The Brainstorming House, La Casa de le Lluvia [de ideas], is conceived as a cultural and environmental community center in a context of informality and scarce investment from municipal authorities. Since its conception, the process has been promoted by several community leaders and collectives, from seven neighborhoods around the Fucha River in the eastern hills of Bogotá. They are constantly promoting manifold small-scaled projects aimed at improving the neighborhood: from sanitation to reforestation, waste cleanup and land removal – the kind of socio-spatial improvements that should be provided/supported by the municipality. However, due to the legal constraints affecting the entire neighborhood (a legalization process that has lasted over 20 years), local authorities are reluctant to execute major (and urgent) infrastructure projects.
La Cecilia is a unique neighborhood, not only for its strong community bond but also due to its particular location inside what is officially considered a natural reserve, next to a prominent forest and one of the city’s main bodies of water bodies. In this context, the community acknowledges its responsibility regarding the environmental impact on the area, since it is located right in the spot where the river enters the city, hence they are considered the “first” polluters of that body of water. This situation is the melting pot for LA CASA DE LA LLUVIA [de Ideas] to emerge, and it is the context in which Arquitectura Expandida meets the community and the problem at hand.
The inhabitants of La Cecilia had been planning to build a community center ever since the neighborhood first began (20 to 25 years earlier). It was intended basically as a community house for social activities and parties, and for celebrating mass. After several discussions and meetings with the community and many other actors (locals and outsiders), the project shifted from a Community Center to a Cultural House: a space that not only would house the aforementioned activities but also all sorts of local cultural events (e.g., concerts, handcrafting, dance performances, and so on). Complementary to this program, the House became part of the informal network of community libraries in the San Cristobal District, turning the space into non-conventional reading space and with a particular appeal to kids and teenagers, considered a highly vulnerable population due to the social complexities of the area.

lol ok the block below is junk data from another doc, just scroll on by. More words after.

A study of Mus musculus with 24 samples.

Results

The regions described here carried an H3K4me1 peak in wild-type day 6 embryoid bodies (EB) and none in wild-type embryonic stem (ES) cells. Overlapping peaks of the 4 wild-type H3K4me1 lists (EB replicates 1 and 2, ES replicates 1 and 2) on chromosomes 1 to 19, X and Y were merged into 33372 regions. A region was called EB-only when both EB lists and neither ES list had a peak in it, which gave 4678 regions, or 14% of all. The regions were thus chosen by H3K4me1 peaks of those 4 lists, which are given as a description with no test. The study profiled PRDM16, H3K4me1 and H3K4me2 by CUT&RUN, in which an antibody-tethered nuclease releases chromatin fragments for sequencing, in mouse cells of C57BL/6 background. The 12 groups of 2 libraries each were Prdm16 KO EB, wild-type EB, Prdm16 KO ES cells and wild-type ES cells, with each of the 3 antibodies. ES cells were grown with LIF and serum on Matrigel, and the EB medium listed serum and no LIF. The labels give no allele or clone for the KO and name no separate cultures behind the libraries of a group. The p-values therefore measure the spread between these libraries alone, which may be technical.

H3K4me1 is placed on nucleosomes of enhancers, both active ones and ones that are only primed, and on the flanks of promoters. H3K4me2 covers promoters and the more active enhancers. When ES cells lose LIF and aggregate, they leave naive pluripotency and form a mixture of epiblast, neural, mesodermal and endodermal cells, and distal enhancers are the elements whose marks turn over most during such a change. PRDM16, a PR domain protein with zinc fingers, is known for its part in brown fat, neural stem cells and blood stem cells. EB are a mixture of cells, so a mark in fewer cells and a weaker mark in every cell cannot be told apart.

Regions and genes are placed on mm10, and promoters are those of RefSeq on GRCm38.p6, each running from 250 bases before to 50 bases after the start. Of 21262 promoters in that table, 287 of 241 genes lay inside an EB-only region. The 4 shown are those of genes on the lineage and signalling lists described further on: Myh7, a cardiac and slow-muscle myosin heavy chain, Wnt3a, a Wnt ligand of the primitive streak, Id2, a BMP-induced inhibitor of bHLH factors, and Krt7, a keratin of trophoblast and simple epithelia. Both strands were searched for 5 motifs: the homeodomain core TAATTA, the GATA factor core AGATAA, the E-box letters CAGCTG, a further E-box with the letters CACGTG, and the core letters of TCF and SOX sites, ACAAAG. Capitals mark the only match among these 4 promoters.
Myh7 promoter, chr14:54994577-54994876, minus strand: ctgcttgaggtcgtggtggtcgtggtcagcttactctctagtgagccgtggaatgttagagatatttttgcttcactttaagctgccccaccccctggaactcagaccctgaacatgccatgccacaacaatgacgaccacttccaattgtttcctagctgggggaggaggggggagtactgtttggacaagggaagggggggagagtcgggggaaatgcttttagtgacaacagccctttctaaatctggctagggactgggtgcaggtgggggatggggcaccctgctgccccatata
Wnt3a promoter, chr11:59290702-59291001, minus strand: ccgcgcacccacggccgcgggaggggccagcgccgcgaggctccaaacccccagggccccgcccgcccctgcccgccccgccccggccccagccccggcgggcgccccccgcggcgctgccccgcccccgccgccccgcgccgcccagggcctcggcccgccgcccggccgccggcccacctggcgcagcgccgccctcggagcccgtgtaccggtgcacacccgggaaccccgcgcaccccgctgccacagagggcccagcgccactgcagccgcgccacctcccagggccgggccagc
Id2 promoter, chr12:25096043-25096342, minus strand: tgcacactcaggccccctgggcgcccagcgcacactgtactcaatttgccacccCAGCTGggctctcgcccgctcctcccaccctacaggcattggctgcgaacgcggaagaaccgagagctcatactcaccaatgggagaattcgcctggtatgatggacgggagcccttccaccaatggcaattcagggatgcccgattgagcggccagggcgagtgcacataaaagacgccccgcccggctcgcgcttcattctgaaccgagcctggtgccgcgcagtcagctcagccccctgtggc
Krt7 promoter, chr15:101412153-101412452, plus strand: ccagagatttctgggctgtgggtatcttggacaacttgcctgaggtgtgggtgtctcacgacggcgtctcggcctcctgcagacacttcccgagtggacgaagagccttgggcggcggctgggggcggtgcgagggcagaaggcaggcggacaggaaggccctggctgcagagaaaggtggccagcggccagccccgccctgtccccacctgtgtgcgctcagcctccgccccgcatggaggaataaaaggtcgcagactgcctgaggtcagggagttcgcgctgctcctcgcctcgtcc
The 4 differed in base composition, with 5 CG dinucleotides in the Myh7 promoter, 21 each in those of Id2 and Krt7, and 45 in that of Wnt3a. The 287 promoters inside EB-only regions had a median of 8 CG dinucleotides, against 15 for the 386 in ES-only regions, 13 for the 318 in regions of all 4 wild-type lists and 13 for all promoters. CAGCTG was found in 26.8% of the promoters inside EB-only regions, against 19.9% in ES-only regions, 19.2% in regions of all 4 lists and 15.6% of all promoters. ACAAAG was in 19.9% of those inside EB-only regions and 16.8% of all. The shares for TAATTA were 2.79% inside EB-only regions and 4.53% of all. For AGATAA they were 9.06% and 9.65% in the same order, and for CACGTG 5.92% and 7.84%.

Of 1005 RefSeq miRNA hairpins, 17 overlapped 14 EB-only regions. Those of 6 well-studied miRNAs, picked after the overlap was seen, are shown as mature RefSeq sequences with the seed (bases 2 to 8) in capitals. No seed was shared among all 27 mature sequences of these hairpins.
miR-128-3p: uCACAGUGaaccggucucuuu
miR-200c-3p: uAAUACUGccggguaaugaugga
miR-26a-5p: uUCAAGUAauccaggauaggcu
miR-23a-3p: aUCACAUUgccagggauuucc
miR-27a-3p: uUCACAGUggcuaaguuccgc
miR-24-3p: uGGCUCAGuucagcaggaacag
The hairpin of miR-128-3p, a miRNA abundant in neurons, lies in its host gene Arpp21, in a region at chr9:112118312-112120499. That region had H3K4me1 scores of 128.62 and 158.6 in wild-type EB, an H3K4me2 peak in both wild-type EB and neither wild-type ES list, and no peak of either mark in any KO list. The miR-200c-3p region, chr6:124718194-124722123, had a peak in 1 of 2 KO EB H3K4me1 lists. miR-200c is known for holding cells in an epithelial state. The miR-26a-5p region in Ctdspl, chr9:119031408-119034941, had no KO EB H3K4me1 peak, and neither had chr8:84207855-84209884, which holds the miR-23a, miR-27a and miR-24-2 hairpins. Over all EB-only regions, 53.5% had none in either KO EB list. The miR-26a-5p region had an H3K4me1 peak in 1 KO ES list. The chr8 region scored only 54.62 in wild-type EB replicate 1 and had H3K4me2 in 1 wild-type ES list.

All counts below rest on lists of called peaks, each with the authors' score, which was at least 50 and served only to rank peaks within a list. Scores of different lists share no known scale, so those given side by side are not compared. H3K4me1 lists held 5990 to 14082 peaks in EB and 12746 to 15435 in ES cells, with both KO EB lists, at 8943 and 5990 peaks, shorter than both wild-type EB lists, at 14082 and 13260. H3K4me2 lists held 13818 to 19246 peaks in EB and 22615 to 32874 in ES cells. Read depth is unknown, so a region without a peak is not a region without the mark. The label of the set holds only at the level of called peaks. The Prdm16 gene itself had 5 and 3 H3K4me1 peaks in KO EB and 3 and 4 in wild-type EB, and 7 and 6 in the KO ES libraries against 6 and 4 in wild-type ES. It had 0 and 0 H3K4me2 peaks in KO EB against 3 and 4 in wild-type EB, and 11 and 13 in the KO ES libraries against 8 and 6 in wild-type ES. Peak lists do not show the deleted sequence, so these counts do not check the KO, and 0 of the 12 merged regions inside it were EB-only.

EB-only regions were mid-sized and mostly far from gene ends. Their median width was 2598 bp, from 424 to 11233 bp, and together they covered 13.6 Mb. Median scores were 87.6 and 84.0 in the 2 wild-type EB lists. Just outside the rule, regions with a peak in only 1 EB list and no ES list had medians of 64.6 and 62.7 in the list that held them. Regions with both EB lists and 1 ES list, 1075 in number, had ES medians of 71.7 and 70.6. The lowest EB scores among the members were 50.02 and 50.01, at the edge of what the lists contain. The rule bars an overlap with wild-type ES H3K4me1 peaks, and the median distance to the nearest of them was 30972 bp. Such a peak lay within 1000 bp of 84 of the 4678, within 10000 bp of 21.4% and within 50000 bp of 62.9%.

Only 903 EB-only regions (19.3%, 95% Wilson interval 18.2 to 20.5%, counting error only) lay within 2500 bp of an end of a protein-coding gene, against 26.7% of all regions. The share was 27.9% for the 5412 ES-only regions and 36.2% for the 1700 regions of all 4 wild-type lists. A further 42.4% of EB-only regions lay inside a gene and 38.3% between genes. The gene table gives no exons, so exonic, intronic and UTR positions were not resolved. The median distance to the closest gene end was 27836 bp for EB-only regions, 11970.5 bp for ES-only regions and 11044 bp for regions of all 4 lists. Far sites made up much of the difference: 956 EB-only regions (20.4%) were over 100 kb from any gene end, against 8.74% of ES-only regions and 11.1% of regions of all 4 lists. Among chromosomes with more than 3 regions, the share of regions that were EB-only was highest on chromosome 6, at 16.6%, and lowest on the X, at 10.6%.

Since 2015, the Fucha neighborhoods have been regularized by the mayor’s office. However, this legalization came with the news of extensive damages to property and the displacement of families who live in an area qualified as at risk of natural disasters. Moreover, the public administration is not willing to invest in mitigation, although it has done so to enable other strategic urban projects. Now, La Casa de la LLuvia [de ideas] has become a neighborhood symbol of resistance and of the right to the city, for which many families have fought after years of state neglect.
It has been a bit more than five years since everything began and, to be honest, we (as a collective and partner in the project) are amazed by the number and variety of activities that have been held there to date. Of course not everything is rosy. There have been conflicts; it is a very deprived neighborhood with many spatial, social and economic conflicts. Yet, despite the circumstances they have managed to create an incredible atmosphere and community life. We will be able to capture both sides: how they are struggling and how they are thriving.